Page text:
A bookkeeper is assigned to complete all the tasks aligned under the accounting cycle. It is termed as a “cycle” because the process or workflow is circular in nature by summarizing steps as entering and manipulating the transactions of the cycle, closing the original books at the end of accounting period, and then starting the cycle all over again for the next cycle. Now let’s discuss each of the eight steps in details to grasp a better understanding of the accounting cycle.
1. Financial Transactions
Financial transactions initiate the process. Transaction amounts generate from the company’s activities such as sale of a product, the purchase of supplies—in short any activity that involves an exchange of money on the company’s assets, the incurring or paying off a liability, or depositing money to the owners.
2. Entries in Journal
This step applies the transactions amounts to be recorded in their respective journal and importantly maintaining the order of transactions in a chronological manner. The journal is also termed as the “book of original entry” as this is the first item where a transaction is listed.
The transactions are then posted in the relevant account. All these accounts constitutes to form the General Ledger where you can locate the summaries of all the business’s accounts.
4. Trial Balance
A trial balance is prepared at the end of the accounting period (that could be on monthly, quarterly or yearly basis) which lists the closing balances of ledger accounts. A trial balance is used with the purpose of ensuring arithmetical accuracy, locating any accounting errors, for preparing financial statements, and many more.
Unfortunately sometimes trial balance highlights that the entries in books are mismatching. In such instances, accountants need to locate errors and make necessary corrections or adjustments tracked on a worksheet.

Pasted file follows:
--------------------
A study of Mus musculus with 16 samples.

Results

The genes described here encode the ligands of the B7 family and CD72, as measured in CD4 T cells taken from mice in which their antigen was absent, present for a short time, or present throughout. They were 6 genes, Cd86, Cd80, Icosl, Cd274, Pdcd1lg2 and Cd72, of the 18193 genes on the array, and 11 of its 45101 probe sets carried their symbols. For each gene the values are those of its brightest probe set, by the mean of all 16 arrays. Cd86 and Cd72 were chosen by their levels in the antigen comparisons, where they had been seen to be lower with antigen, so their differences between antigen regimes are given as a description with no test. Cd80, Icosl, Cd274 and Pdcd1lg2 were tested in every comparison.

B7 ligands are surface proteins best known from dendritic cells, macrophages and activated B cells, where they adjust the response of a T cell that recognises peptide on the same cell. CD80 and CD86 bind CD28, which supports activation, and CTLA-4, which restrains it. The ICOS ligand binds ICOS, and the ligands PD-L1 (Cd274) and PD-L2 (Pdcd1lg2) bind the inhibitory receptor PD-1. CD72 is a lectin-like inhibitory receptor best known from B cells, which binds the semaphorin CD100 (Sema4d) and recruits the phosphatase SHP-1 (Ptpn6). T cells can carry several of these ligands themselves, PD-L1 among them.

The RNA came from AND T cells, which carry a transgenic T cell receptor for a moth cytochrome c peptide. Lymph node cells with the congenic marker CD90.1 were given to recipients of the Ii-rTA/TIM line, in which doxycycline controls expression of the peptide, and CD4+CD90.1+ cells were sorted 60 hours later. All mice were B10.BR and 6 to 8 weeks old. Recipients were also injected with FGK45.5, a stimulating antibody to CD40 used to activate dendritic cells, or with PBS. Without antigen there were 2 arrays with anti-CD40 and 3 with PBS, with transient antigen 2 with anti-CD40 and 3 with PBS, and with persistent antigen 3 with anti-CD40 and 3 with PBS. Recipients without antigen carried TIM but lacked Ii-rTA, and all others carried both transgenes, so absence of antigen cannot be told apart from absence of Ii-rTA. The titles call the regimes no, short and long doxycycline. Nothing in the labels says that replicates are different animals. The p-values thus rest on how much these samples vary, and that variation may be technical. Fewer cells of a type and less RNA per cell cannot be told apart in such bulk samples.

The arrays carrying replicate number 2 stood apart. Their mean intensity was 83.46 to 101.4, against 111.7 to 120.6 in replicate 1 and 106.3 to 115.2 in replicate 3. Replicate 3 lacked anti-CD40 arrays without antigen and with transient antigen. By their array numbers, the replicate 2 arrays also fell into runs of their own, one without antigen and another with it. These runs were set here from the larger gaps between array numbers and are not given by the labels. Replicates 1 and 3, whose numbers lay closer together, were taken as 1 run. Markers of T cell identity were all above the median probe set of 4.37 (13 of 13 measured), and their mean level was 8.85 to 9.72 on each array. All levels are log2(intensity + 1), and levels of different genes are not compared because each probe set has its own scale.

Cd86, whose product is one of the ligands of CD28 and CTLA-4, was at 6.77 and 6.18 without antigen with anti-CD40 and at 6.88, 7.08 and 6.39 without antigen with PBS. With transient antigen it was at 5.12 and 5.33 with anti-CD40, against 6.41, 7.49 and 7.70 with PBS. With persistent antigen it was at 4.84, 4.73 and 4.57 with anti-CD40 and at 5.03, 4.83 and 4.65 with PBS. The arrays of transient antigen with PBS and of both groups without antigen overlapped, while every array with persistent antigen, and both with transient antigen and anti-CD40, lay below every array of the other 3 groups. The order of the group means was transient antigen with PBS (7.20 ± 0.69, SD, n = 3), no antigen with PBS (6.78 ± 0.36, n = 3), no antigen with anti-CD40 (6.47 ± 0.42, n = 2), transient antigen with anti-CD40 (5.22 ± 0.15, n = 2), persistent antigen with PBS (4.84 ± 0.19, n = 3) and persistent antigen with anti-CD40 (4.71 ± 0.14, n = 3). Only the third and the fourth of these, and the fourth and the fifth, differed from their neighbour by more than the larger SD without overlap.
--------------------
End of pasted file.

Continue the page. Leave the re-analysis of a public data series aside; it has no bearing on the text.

These types of adjustments are also made to keep the depreciation of assets in check along with the adjustments of one-time payments like insurance, which should be managed on monthly basis. After all the required adjustments are done, the trial balance step is repeated again to check if all the accounts are in balance now.
6. Adjusting Journal Entries
Adjusting journal entries is done once the accounting trial balance satisfies that all the relevant adjustments have been done and the closing balances are now correctly placed in their respective accounts.
7. Financial Statements
These corrected account figures or balances are now used to prepare financial statements such as balance sheet and income statement.
8. Closing of Books
In the last stage the books of revenue and expense accounts is closed. This marks the end of the accounting period and hence, the cycle is now ready to be started all over again with zero balances in new accounts.
Not all businesses tend to follow the same duration of accounting period but may complete it on monthly, quarterly, or yearly basis depending on factors such as business needs, nature, pace and amount of transactions, etc. It is important to remember that whatever the duration of the accounting period, the revenue and expense account must initiate from zero at the start of each period. Whereas, the case with asset, equity and liability account balances is otherwise, where they are carried over cycle to cycle.